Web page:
Shoe shops in the UK, 1940s wartime into the 1950s

shoes 1940s

This page is about shoe shops in the UK from 1940s wartime into the 1950s when self-service was unheard of. It describes the shop layout; how shoes were fitted with measurements and an X-ray device to see how feet inside shoes; cheaper and more expensive outlets and makes of shoes.


By the webmaster, based childhood observations and discussions with others

The layout arrangement inside shoe shops

Probably the most common shoe shop was Lilley and Skinner because it was a chain store. All its shops had the same layout. There was a double row of chairs down the centre of the shop for customers to sit on, and the walls were lined with boxes of shoes. There was very little in the way of displays, although there were displays in the shop windows.

Inside a typical old shoe shop

Inside a typical mid-20th century shoe shop

The procedure for buying shoes

As I remember, we walked in, sat in a chair and waited for an assistant to come up to serve us. We usually had little idea of the details of the shoes that we wanted, only that they were for school or walking or whatever.

Makes of shoes

The shoes could be any one of a number of makes. Particularly well-known were Stead and Simpson, Bata and Clarks. I don't remember any shortages in wartime, but I suppose they must have existed.

How shoes were fitted

Shoes were available in several sizes and half sizes for length and in several widths indicated by letters. The assistant always measured the length of each foot separately using a wooden measure with a sliding attachment and a tape measure for width.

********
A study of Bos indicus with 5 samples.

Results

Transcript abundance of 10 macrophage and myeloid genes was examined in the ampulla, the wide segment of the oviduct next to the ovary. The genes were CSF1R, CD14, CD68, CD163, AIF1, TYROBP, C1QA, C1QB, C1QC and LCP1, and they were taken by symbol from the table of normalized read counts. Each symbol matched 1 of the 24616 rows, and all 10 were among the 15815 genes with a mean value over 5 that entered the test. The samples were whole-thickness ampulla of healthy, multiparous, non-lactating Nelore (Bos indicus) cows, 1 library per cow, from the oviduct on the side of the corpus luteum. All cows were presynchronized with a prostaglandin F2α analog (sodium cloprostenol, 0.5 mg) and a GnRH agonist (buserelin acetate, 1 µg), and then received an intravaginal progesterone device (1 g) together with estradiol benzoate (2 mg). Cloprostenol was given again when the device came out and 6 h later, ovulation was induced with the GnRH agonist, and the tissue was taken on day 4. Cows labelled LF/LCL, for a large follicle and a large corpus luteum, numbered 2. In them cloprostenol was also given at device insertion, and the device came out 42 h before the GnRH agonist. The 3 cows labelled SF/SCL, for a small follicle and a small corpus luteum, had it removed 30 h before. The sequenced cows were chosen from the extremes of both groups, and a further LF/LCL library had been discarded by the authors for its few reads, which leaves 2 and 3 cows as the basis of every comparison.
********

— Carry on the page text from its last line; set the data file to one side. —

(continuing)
Once she knew the shoe size and the type of shoe required, she climbed up a step-ladder to retrieve a selection of boxes from the packed walls. Self-service was unheard of.

We tried on several pairs and walked up and down in them. If a pair weren't right, the assistant was always at pains to try something different, and we could end up with opened boxes all around us. In view of her efforts, it could be quite embarrassing to admit that none of the shoes felt right and to leave without buying anything.

The X-ray device to check how well shoes fitted

At that time there was what seemed to me to be a wonderful device to show how well the shoes were fitting. We put our feet into it and looked down onto a screen which showed the outlines of the shoes and our bones inside them. It wasn't long before these devices disappeared.

X ray device, pedoscope screen, to show fit of shoes.

Advert for the X ray device, called a pedoscope, which showed how well shoes were fitting

I thought it quite fun to look down this device, waggle my toes and watch them move. I was quite upset when they were no longer in the shoe shops. I assumed that they couldn't be obtained in the austerity of wartime and the years afterwards, but now I realise that they must have been withdrawn. They worked with X-rays which are of course dangerous if experienced to any extent.

Cheaper shoe shops

In the next town there was a Co-op department store which also sold shoes. The shop always looked rather grubby to me, and the shoes and slippers were the sort that I could imagine my grandmother wearing. I suspect that everything it sold was on the cheap side - and of course there was the added bonus of the Co-op dividend.

More expensive shoe shops

There was another shoe shop in my home town, which always struck me as too expensive for the likes of us. It specialised in ladies shoes and had a ground plan that increased its window space with an island window in addition to its regular shop window. This arrangement enabled us to walk round and look at the shoes without actually going into the shop - and many a time we did this to shelter from rain. I wonder, now, how the shop ever got much in the way of expensive stock in wartime and post-war austerity. Perhaps it never did, and the elegance that I remember was solely due to the elegance of the shop front which was built in the 1930s.

If you can add anything to this page or provide a photo, I would be pleased if you would contact me.